Part One takes place next week.
The trial over 2011 House district boundaries begins July 14 in U.S. District Court, where a hearing Tuesday shed light on how the case could unfold.
The proceeding are expected to last at least six days — Monday through Saturday — with testimony from about 50 witnesses.
The court will make extensive use of technology to display versions of district maps and communications that went into drawing them.
Some of the plaintiffs’ requests for relief already were granted in Houston and El Paso, and plaintiffs said they’re seeking to preserve those changes and push for more minority “opportunity districts” in areas including Midland-Odessa and Lubbock.
As the trial draws near, judges were asked to rule on several requests to allow testimony.
On Monday, the judges granted the state’s request to exclude testimony from Austin civil rights attorney James Harrington, who MALC sought to present as an expert.
Left pending were rulings on whether to allow testimony from two other potential plaintiffs’ witnesses, including St. Mary’s University political scientist Henry Flores. State attorneys on Tuesday said their testimony should not be allowed because it wouldn’t be relevant or helpful.
Also to be decided before trial is whether attorney-client privilege applies to potential witnesses including Denise Davis, former chief of staff and legal adviser to House Speaker Joe Straus, R-San Antonio.
That’s the State House map we’re talking about. Part Two is for the 2011 US House map, and it will be argued in August.
A federal three-judge panel in San Antonio said Thursday it will commence the second phase of a trial challenging Texas’ redistricting maps on Aug. 11.
The first phase, which will look at claims made against political boundaries drawn in 2011 for the Texas House, will kick off July 14 and is expected to last about six days.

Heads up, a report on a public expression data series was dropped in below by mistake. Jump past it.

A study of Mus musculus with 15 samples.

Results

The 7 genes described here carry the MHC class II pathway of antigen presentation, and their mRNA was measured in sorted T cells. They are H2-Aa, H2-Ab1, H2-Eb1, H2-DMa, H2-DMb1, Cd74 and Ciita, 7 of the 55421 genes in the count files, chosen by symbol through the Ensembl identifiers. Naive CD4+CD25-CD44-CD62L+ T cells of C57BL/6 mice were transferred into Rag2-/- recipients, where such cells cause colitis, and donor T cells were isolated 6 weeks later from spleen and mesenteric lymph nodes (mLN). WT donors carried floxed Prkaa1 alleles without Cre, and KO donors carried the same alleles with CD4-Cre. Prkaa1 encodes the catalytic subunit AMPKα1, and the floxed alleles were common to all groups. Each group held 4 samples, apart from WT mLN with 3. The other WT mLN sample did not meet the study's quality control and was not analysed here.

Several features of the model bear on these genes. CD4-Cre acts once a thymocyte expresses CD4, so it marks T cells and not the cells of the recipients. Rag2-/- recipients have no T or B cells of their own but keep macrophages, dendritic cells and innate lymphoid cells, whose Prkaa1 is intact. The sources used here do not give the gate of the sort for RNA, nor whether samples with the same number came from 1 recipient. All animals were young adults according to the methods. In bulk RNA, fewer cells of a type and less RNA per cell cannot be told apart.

Redistricting maps drawn the same year for the U.S. House will be argued starting Aug. 11 and will “continue day to day until finished,” according to a court entry Thursday.
At some point in the yet-to-be determined future, there will be a phase for the 2013 Texas House and US House maps. (Recall that all claims related to the Texas Senate map have been settled, with the exception of the legal fees.) This is the Section 2 part of the fight – remember, we used interim maps for 2012, and will use them again this November. The point of this litigation is to settle one way or another the claims about discrimination in the 2011 and 2013 maps. Possible outcomes include:
1. All of the 2011 and 2013 maps are declared illegal and new maps that are presumably more favorable to Democrats get drawn, most likely for 2016 and then to be used for the remaining elections until the 2021 redistricting cycle.
2. The 2011 maps are thrown out but the 2013 versions, which the state intended to address the previously raised judicial concerns about the 2011 maps, are deemed acceptable and put into place. Note that you could have this result for one of the maps and result #1 for the other.
3. The 2011 maps are declared to be legal and are implemented as is. Again, you could have one map be this way and the other fall into either of the first two buckets.
Any of these outcomes could be affected by further challenges to the Voting Rights Act – if SCOTUS strikes down Section 2, needless to say that all bets are off – or by some miraculous and unlikely Congressional action to update the VRA. I’m no Michael Li, so I could be all wet on any or all of this, but that’s my layman’s understanding. Those of you that know better, please tell me where I’ve gone wrong.